We finally decided to throw our father a surprise birthday party where we would present him with a scrapbook. My vision was to make the scrapbook a photo-essay of the pieces of my father’s life, like patches in an old quilt.
I sent out the invitations early, announcing the surprise birthday party in a park near my father’s home. My invitations made a plea for photos of my father and asked his friends and family for heartfelt sentiments that might be woven into the scrapbook. Almost immediately the letters started pouring in, with postmarks from all over the country. Checking the mailbox each day became a much-anticipated event.
Many letters said, “Sorry that I can’t attend the birthday party, but I wanted to send this photo and a letter for the scrapbook.” I hadn’t realized that my scrapbook idea had given my father’s friends and family a wonderful method of honoring him from so many miles away.
Late at night I huddled over the scrapbook, marveling over shots of dad I’d never seen. There were black and white photos of him as a toddler – a chunk of blonde hair falling over his round face – donned in breeches and knee socks.
Another photo showed him as a child standing beside his mother, stoically bracing himself against a snowy landscape. Stacks of pictures placed him as a slim handsome young man, dressed in military garb, grinning proudly before he shipped out to fight in Korea. There were photos of his classic, curvy cars with my father leaning proudly against the hood. Scores of pictures washed in Kodachrome colors showed a young, energetic father with kids climbing all over his back. The pictures came rolling in, full of parties, weddings, and grandchildren’s birthdays that my father had happily attended.
Some relatives sent astonishing genealogical details with the photos. These helped me capture a bit of history in the captions. As I sorted photos into groups, I chose background papers, borders, stickers, and frames to accent them. Photos of my young father’s cross-country trip that landed him in Disneyland were mounted on vintage road map paper. I couldn’t resist fixing ‘70’s pictures of our family done up in platform shoes and bell bottoms, with my father in a powder blue leisure suit onto groovy paper with smiley faces. The vintage photos of my father’s childhood were respectfully mounted in black, cream, and mauve frames on nostalgic paper. When friends and family were thoughtful enough to write a favorite memory of my father, I clipped their handwritten words and attached them as a highlight on the page.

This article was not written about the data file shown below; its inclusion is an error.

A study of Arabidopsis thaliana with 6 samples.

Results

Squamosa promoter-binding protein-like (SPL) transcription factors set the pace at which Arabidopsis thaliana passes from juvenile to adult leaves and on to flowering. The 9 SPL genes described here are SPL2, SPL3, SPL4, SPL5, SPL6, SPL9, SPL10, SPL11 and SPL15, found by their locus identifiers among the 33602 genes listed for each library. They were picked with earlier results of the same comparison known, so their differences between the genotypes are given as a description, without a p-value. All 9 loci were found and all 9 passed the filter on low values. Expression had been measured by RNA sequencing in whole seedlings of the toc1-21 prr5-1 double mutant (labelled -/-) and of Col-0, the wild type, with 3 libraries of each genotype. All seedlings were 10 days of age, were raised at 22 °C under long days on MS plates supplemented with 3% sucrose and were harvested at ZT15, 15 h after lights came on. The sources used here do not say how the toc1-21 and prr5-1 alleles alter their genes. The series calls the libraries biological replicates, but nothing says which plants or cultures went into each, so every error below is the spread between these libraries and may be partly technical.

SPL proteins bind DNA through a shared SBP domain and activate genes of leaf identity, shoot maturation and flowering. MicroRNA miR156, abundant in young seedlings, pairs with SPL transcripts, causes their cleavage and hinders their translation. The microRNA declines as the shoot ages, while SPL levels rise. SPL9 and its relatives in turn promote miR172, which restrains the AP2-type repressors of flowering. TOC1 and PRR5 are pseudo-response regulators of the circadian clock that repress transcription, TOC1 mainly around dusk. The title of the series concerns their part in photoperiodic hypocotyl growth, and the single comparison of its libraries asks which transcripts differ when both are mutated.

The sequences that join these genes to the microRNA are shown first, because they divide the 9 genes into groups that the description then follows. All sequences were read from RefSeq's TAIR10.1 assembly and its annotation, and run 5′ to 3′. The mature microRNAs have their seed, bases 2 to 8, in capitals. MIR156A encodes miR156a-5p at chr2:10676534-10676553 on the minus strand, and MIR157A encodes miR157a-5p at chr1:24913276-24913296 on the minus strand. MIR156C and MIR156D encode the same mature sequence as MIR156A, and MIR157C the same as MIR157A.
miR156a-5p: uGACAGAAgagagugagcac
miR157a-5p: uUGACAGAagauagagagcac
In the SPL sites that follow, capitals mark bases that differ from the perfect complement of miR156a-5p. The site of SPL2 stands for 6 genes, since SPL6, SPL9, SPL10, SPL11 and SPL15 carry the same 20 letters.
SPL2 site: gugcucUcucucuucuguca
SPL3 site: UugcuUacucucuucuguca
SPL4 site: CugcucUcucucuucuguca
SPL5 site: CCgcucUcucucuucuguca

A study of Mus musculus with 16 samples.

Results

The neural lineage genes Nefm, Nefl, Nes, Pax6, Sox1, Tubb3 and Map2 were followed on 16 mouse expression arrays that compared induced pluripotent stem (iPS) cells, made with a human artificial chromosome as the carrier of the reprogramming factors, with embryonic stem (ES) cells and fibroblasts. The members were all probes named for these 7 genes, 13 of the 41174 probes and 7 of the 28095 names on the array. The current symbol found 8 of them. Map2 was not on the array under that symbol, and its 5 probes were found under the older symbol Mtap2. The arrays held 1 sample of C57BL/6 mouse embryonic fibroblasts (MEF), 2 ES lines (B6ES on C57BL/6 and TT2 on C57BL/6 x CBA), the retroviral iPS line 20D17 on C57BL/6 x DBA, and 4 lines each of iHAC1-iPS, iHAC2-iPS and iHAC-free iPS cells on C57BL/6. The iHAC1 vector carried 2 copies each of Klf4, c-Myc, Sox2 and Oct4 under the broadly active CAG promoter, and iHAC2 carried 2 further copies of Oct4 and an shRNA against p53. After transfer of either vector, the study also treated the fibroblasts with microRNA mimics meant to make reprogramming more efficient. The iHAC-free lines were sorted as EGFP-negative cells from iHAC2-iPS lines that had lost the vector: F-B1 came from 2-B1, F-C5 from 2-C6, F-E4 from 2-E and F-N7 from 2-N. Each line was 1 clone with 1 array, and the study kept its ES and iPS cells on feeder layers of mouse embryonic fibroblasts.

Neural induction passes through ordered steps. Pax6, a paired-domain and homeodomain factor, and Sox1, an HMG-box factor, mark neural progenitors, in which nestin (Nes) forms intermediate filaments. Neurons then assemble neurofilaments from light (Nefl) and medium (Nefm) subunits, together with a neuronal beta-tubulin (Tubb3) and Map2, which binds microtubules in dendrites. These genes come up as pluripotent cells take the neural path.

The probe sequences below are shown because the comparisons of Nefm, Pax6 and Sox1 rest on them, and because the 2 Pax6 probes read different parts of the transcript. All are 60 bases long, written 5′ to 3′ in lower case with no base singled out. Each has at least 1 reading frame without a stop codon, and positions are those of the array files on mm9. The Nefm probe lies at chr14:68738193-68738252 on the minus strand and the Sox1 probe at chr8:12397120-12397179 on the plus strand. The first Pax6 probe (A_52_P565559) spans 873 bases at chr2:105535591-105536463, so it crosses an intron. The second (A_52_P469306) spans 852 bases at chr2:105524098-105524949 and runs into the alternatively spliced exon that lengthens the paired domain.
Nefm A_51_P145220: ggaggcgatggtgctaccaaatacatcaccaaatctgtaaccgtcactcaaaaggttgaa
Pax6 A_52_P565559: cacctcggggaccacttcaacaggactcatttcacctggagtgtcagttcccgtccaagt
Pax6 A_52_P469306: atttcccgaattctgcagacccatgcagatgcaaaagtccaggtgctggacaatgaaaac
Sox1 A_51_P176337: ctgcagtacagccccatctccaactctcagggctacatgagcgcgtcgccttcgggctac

As the photos continued to be delivered to my mailbox, I labored at piecing the scrapbook. I was beginning to know my father better with each page. The fresh face that peered out of the paper at his bright future hadn’t even envisioned me, the daughter who would try his patience and his wallet and add gray hairs to his head.
At last the party day arrived. The salads had been tossed and the coolers had been packed with hamburger fixings. The tables were decorated with bright red, blue, and green tablecloths, balloons, flowers, and confetti. The scrapbook held a place of honor. We left ample room for pages devoted to the party and planned on including a new page with a photo and personal message from each partygoer.
We held our breath as my unsuspecting father strolled up the path to the pine trees. As my surprised father greeted his group of well-wishers, we showed him the scrapbook. His face displayed a look of deeply surprised pleasure that warmed all of our hearts.
Although the party was fun and my father was able to reunite with many of his family and old friends, the most lasting part was the scrapbook we had made. We didn’t wait until my father’s death to remember his life, we remembered it while he still had life to live.